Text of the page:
The US FAA, other government organizations, and politicians may have dragged their feet on finalizing drone rules and standards, but make no mistake, drones are big business. This week, Oregon representative Earl Blumenauer introduced the Commercial UAS Modernization Act to create a framework to promote in the commercial drone industry. This doesn’t mean that governments and politicians won’t get it wrong; in fact, the drone industry’s success depends directly on federal and state collaboration to provide an environment in which the industry can prosper.
The following infographic shows today’s current aviation services in the regulated civil aviation market and the future of aviation services that includes exploration, inspection and delivery, precision farming, just-in-time delivery, traffic information collection, oil exploration and rigged delivery, cargo transport and last mile delivery, aerial inspection and energy exploration, and information related to remote areas, to name a few.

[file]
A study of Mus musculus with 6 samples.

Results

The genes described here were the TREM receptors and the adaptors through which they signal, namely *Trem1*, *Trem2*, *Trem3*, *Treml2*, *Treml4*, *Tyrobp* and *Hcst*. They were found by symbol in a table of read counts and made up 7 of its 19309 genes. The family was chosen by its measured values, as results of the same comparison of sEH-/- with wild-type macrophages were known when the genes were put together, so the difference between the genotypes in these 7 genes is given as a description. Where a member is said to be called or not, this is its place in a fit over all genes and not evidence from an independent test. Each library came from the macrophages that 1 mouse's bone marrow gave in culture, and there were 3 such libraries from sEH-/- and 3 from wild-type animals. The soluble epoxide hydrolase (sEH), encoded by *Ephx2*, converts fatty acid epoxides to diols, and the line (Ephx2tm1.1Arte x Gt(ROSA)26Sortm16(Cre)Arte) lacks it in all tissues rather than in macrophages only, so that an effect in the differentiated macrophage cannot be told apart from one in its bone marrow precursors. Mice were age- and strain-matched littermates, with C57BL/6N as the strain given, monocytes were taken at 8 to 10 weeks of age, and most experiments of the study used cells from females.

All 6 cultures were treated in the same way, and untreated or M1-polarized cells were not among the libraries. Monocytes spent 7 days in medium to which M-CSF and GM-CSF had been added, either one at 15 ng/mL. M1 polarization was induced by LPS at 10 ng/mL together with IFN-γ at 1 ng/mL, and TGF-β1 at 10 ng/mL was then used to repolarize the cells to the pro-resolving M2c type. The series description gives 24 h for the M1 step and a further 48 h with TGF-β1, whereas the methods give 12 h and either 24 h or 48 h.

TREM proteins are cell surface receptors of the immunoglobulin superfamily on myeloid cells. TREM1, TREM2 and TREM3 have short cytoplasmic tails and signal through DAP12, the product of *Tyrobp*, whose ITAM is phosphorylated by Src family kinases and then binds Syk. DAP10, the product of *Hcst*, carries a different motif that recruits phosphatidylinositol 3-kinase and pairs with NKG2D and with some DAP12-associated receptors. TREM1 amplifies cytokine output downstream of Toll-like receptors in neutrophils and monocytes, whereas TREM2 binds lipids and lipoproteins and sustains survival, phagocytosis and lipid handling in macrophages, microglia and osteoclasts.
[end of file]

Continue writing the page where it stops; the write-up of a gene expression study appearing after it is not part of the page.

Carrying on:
The following infographic “Drones for Good” provides the key facts and expectations of drones going forward to 2025:
- projected economic benefits
- 100,000 new jobs
- a growing industry with more than 200 manufacturers
- large and small drones from a couple pounds to more than three tons
The uses for drones will include:
- personal security
- in-body medical applications as microscopic stealth drones (see video)
- asteroid prospecting
- planetary science
- action sports photography
The following video discusses the future of microscopic stealth drones for medical purposes.